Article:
Elska Stockholm is our twenty-second issue and the first in our new bigger and better format, including a new paper stock, a textured cover with flaps, a more spacious layout, and a larger page size and increased page count. If you don’t already collect Elskas, then now is the time to start.
Stockholm is an incredibly beautiful city, set on a series of islands and full of grand old buildings and handsome streets. We chose to visit in the winter, hoping for a setting full of snow and ice, which we got. We also got some of the warmest and coziest selection of images yet. The men we met were photographed wrapped up in hats and coats and scarves outside and then half-naked in cosy jumpers and nothing else at home, or in nothing at all (but with the heat cranked up).
Stockholm is our third issue set in the Nordic region (after Elska Reykjavík and Elska Helsinki) and there are definitely some similarities both in the looks of the men, in their attitudes, and in the stories they wrote. There’s a coolness, perhaps even an aloofness about them, giving a sense in their personal stories that it wasn’t easy for them to open up. There’s also a certain shyness, or perhaps a lagom-influenced desire to be understated, which is apparent in the way that their images are more off-guard and relaxed than in images from some other Elska issues like Los Angeles or London. There’s also a bit of sadness, or at least of tentativeness, in their stories, perhaps influenced by the fact that we met these men in the cold dark winter.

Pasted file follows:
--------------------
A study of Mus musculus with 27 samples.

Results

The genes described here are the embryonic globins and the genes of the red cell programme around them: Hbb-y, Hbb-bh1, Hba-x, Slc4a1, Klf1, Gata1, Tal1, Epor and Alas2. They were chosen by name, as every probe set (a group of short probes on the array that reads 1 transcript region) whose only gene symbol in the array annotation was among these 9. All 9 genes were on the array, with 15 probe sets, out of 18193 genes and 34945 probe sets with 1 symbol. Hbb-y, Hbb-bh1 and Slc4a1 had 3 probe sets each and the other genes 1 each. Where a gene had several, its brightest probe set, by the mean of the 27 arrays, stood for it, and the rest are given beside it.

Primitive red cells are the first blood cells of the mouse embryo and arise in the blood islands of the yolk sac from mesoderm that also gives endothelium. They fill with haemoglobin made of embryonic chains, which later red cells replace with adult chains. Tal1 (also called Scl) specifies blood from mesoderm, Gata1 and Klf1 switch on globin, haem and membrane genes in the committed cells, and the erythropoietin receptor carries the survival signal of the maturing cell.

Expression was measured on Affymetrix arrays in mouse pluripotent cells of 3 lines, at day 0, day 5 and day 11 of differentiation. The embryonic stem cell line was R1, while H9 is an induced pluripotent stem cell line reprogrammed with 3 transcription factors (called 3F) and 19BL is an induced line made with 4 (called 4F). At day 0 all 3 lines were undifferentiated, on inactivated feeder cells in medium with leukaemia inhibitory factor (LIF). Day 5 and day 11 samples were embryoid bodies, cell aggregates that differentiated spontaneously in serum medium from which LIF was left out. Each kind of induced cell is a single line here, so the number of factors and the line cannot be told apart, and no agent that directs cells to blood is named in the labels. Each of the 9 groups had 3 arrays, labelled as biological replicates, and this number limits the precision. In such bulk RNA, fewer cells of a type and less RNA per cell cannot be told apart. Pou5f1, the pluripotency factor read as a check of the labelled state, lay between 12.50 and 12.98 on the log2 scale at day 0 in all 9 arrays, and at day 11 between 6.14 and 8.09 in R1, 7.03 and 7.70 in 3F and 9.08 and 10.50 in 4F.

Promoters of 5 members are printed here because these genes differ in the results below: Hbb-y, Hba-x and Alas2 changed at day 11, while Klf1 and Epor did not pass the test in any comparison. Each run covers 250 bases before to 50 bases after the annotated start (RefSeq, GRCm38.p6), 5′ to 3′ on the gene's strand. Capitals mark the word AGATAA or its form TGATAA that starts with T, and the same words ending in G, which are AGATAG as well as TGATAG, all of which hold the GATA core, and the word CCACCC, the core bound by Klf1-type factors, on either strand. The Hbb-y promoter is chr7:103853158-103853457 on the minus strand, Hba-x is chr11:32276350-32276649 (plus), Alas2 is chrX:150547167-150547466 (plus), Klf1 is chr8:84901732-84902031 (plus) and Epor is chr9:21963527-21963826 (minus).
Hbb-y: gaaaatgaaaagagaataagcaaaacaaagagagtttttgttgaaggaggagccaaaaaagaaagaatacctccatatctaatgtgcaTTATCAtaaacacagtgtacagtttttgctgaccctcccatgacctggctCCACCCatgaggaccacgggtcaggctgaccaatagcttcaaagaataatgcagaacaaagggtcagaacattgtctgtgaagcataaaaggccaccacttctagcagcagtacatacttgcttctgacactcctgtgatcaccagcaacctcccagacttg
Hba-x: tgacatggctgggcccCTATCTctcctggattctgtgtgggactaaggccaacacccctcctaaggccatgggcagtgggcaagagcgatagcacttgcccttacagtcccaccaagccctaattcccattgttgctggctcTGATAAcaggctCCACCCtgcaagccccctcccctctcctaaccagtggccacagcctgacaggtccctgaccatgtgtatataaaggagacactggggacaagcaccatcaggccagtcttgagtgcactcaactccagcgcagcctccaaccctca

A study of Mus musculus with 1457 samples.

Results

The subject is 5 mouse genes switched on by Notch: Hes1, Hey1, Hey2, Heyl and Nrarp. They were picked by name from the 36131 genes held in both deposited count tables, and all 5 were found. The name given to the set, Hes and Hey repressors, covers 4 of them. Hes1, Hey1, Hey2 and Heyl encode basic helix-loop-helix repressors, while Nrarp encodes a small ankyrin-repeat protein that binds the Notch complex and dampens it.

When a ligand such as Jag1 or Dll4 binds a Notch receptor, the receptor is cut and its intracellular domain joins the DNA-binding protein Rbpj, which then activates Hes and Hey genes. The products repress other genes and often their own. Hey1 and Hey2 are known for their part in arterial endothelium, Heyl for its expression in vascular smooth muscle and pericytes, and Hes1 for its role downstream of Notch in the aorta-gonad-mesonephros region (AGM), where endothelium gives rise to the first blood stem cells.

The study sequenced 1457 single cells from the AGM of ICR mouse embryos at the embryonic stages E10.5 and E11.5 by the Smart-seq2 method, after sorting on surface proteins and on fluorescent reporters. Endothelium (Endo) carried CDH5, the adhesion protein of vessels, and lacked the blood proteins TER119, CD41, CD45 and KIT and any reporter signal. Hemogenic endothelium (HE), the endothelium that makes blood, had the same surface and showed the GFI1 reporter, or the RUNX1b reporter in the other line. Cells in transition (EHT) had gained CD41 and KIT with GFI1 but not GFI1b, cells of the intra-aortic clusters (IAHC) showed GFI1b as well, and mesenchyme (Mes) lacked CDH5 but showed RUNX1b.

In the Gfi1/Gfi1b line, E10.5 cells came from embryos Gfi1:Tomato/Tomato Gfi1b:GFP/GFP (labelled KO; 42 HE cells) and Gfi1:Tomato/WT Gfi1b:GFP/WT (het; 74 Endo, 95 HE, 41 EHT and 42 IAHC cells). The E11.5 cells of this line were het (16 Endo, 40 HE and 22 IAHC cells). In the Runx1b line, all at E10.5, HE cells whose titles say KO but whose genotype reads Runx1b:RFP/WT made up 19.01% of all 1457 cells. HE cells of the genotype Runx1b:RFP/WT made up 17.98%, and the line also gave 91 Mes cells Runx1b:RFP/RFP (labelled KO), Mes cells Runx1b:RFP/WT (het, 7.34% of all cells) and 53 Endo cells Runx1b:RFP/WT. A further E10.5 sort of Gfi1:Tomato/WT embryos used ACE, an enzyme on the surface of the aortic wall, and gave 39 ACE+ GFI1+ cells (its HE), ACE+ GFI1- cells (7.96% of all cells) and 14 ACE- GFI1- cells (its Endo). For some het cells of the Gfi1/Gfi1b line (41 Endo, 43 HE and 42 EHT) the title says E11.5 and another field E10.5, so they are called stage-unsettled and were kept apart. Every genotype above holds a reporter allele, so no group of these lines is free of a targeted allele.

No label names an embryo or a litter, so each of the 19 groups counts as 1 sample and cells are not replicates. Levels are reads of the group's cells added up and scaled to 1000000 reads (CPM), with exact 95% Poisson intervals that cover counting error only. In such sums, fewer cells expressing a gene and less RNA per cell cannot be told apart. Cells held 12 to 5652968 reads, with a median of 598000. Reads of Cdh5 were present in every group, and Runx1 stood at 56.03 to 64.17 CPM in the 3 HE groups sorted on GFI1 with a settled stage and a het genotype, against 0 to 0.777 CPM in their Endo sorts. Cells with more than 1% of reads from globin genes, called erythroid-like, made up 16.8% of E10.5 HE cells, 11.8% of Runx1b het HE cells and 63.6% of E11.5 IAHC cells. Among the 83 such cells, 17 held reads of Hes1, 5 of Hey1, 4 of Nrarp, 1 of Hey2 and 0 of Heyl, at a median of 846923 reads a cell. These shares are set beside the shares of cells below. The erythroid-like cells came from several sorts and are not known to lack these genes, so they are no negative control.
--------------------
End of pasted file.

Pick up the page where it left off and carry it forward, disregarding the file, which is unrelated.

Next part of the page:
Inside this issue you’ll get to know the real Stockholm through the experiences of a random set of men from the local LGBTQ community who we met during our visit. Each was photographed in a natural, documentary-like style in the city and in their homes, and each contributed a personal story to help you readers get to know them at an even more intimate level.
Some of the men you’ll meet in Elska Stockholm include:
Linus L, who talks about what good can come from letting go of self-consciousness and preconceptions about others;
Albin H, who recounts the moment when he finally came to accept himself for his differences, and to view what he thought was a negative as a positive;
Martin FJ, who confronts his cynicism towards relationships after a night spent with another guy from a hook-up app;
Andreas S, who wonders if he’s the ‘wrong type of gay’ or if it’s OK to just be himself;
Patrik G, who looks back at the rise, fall, and re-emergence of LGBTQ culture in Stockholm;
Mathis F, who speaks of the frustrating duality of this city that contains both beauty and misery.